Occasionally over the last 57 years, I have been blessed to experience the great feeling that comes with doing good deeds without expecting anything in return. Let me explain.
As young children, most of us learn and repeat an infamous line: “That is mine.” This is not inherently bad or unnatural; it’s a phase we go through to make sense of the world around us. We’re focused on ourselves, what we want, what’s ours.
Discovering all that’s available, we grab or claim what we can, with the goal of getting bigger and stronger as young boys and girls. Wanting to label more things “mine,” getting more control, and feeling more powerful in whatever ways we can are part of the journey. There’s nothing wrong with this; it’s simply an innate desire.
Parents attempt to balance this by teaching us how to share, which requires time and repetition. But this journey takes many turns, and we often remain focused on claiming all we can for ourselves. As our fixation to get what we want moves from one thing to the next, we may not have the capacity to shift our gaze outward or contribute anything of significance.
As we grow up and life becomes more complex, the vast list of things we could collect gets longer, making it difficult to feel like we will ever have enough. It’s as if we’re constantly trying to keep an endless supply of in-use batteries charged — an effort that demands our attention yet is never quite attainable. And because our attention is directed inward toward having enough, doing good or sharing is not a priority. This way of thinking and acting can become habitual.
With age and maturity, we usually begin to see outside ourselves more often. Yet even then, the act of doing good may be motivated by the expectation of getting something in exchange. Consciously or not, we may expect it to eventually come full circle and pay off. And in some cases, it very well might. But this is not what I mean when I refer to the “supreme good.”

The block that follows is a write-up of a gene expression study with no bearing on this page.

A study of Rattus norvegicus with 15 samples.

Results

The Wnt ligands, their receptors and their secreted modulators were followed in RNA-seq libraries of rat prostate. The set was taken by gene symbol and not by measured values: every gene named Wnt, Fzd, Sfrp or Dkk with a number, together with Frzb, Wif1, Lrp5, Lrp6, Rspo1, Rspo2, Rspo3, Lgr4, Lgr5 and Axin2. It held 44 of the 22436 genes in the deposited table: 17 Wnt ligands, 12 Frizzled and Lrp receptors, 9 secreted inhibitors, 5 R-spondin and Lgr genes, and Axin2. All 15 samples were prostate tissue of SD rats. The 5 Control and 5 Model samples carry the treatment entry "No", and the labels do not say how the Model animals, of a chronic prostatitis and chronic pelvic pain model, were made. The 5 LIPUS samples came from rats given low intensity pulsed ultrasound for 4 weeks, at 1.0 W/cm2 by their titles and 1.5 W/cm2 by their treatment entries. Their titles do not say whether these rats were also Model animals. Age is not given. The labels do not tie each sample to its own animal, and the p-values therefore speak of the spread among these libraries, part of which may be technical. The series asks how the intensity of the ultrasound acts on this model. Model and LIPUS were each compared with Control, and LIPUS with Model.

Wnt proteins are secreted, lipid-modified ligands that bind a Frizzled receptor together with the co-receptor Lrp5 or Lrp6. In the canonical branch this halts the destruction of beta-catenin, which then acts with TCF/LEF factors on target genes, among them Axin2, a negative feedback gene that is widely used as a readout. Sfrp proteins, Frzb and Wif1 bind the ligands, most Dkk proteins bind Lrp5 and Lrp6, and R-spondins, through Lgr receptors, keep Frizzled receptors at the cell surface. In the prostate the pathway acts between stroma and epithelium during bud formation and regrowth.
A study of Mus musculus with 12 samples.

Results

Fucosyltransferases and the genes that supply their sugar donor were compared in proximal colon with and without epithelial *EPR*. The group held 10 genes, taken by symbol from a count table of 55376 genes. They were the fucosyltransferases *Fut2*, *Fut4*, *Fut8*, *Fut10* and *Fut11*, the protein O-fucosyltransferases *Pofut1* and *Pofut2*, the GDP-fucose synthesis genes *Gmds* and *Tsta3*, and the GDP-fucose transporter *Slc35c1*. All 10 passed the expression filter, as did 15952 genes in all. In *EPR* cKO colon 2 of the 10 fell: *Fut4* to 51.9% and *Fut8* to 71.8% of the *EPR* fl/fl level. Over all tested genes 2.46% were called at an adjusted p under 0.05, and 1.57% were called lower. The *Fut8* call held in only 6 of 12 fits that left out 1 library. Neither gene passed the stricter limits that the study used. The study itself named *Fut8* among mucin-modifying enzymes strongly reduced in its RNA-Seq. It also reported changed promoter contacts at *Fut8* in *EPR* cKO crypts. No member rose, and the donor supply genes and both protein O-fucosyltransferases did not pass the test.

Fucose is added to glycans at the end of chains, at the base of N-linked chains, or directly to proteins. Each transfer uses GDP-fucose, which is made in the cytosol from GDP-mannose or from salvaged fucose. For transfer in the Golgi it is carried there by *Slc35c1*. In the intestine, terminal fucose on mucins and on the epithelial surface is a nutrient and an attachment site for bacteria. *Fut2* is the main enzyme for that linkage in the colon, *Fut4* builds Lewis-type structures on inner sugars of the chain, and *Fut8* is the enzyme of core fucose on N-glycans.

A common translation of a quote from philosopher Lao Tzu reads: “The supreme good is like water, which nourishes all things without trying to.”
My interpretation of this is that the supreme good is doing good for someone or something purely for the sake of doing good, with truly no expectation of payback or exchange in any form. The seeking for more that is “mine” is put on hold and we’re content with where we are in that moment. It’s when we realize what truly brings meaning to our lives.
As I mentioned earlier, I have periodically been able to experience this. In reflecting on these moments of doing good for someone, some creature, or the planet, I am reminded of what a blessing the feeling is and what joy it brings. These are the rare experiences I cherish most.
I by no means want to imply, however, that I am in this frame of mind the majority of the time. But these experiences have helped me become more aware of the potential for doing good and reminded me to look for more ways to do it with this intention. It’s something I’m constantly aspiring to, even if it’s not always possible.
My hope for all of you reading this column is that you, too, will look for and notice these opportunities, big or small. I hope that you’ll take the time to reflect on the blessings in your own life and that you can feel a state of contentment that allows you to do supreme good. There’s something truly special about it.